Olympic gold medalist Sunisa Lee banking more NCAA success
AUBURN, Ala. (AP) — Sunisa Lee needed a respite from the exhausting, all-consuming world of elite gymnastics.
She wanted to go to school, and the ability now for college athletes to make money off name, image and likeness deals made it an easy call.
The Olympic all-around champion who has her sights set on defending her title in Paris in 2024 has capitalized on her still-newfound fame with appearances on “Dancing with the Stars” among other endeavors. The 19-year-old is hardly a normal college freshman.
“Even without the NIL, I knew I wanted to go to college anyway just because I had to come find my love for the sport again,” Lee said. “I had to get out of the elite world just because it is so different. This is so much more fun, and having the team be so supportive.”
The new NIL rules allowed her to parlay her success in Tokyo last summer into financial security without sacrificing the college experience and education. And without spending all day holed up in the gym.
Lee has helped lead the Tigers to the NCAA championships, from April 14-16 in Fort Worth, Texas, for the first time since 2016. She scored her fifth 10 of the season in the regional at Neville Arena, this one on the balance beam to help Auburn edge Kentucky.
The All-American came in ranked first nationally in the uneven bars — where she won bronze in Tokyo — tied for first on the balance beam and second in the all-around.
“I think if the Olympics were a year earlier and this happened, she couldn’t make that decision” to attend college, said Auburn coach Jeff Graba, whose twin brother Jess has been Lee’s longtime personal coach.
While Lee is competing for NCAA titles, she also feels she has much to prove. Lee’s all-around gold came after favorite Simone Biles withdrew from the competition citing mental health concerns. Lee said she doesn’t think she’s reached her full potential yet and that is indeed gold medal-worthy.
“I think it’s something I just want to prove to myself, because I think I have a lot of doubters,” said Lee, a Hmong American who is from Minnesota. “And prove it to everybody else but more importantly to myself.
“I don’t want to look back and be like, I could have done so much more. I want to look back and know I gave it everything I had and if I didn’t succeed, I didn’t. But I gave it my all.”
Lee has a leotard line with GK Elite and a clothing line with Pretty Little Thing., which she tracks while living in a dormitory like other Auburn freshmen with roommate/teammate Sara Hubbard. She has splurged on a car and her first designer bag but mostly fears spending too much now and not having enough later.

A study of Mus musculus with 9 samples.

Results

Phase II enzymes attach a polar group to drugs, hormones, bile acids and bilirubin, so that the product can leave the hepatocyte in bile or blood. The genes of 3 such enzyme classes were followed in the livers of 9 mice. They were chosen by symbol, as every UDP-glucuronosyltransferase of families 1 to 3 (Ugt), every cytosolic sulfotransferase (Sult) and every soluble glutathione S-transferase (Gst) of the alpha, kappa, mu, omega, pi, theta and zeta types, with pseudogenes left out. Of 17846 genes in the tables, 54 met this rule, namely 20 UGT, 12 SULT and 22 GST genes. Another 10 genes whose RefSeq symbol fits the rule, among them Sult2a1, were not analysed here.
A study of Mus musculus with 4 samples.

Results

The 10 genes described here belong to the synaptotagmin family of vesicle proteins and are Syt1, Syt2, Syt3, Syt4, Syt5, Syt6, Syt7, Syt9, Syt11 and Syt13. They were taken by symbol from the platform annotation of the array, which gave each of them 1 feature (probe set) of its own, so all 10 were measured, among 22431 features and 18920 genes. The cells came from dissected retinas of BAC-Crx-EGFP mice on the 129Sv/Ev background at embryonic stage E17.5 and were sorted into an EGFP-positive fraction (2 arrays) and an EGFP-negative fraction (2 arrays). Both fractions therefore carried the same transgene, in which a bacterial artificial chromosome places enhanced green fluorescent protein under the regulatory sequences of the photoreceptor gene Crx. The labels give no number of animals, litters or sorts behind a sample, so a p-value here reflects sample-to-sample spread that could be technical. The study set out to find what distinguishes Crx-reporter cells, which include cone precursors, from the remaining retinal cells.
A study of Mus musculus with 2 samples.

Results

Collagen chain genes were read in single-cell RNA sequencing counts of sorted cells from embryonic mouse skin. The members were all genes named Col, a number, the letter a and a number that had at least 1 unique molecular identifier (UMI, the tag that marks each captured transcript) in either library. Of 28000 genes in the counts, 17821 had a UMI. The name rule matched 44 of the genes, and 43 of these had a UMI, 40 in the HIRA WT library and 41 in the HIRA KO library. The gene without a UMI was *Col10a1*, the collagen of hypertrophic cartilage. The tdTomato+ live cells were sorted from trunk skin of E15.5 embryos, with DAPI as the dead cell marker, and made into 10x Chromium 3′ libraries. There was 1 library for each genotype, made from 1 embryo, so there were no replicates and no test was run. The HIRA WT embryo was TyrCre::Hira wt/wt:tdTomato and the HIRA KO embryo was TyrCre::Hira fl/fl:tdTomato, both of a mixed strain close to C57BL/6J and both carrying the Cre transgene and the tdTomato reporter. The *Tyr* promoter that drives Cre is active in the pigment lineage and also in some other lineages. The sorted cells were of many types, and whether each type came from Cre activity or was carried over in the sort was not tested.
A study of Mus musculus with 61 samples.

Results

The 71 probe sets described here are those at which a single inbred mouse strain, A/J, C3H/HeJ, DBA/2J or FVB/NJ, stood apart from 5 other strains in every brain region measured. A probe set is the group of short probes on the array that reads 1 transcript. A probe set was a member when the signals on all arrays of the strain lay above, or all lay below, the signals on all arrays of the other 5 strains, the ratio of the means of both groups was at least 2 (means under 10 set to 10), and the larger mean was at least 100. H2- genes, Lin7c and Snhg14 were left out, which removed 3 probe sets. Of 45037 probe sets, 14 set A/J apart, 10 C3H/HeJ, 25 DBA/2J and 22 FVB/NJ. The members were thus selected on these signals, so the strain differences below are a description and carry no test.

“I’m so scared to actually use my money,” Lee said. “I’m so cautious with it because I have to be.”
She is still taking online courses and spent the fall in Los Angeles for the dancing competition show before officially joining the team in Auburn in December. Lee feels like appearing on “Dancing With the Stars” — she made the semifinals with partner Sasha Farber — makes her “more of an exciting person.”
“It just makes it interesting,” Lee said. “It’s really cool that I’m getting to do all this at such a young age. But then I’m scared. When I get older, what am I going to do then? Because if I do everything now, what am I going to do in the future?
“But I don’t know, it’s really exciting.”
Lee has also dealt with the sudden fame that comes with being an Olympic champion. She can’t just pop into the grocery store or have a quiet dinner out. She even stopped going to Auburn basketball games. It’s all a part of the new normal for a teenager who isn’t yet fully accustomed to the spotlight but is eager not to ever come off as standoffish.
“It’s really hard, because even grabbing food, people come up to her and are just like, ‘Hold my baby. Take my picture. Sign my shoes,’” Hubbard said of her roommate. “I think it’s just overwhelming. It’s kind of scary when a bunch of random people are just all in your business.”
But Graba and Lee’s teammates said in the practice gym and around them she’s just another Auburn gymnast. Dealing with high expectations is part of the challenge.
“She’s probably the one who puts the most pressure on herself,” teammate Cassie Stevens said. “But I think she’s doing a lot better job handling it, listening to what we have to say. Like, just being you is good enough. It’s great actually.”
But, added Graba: “You don’t win an Olympic gold medal without having that tough-as-nails mentality.”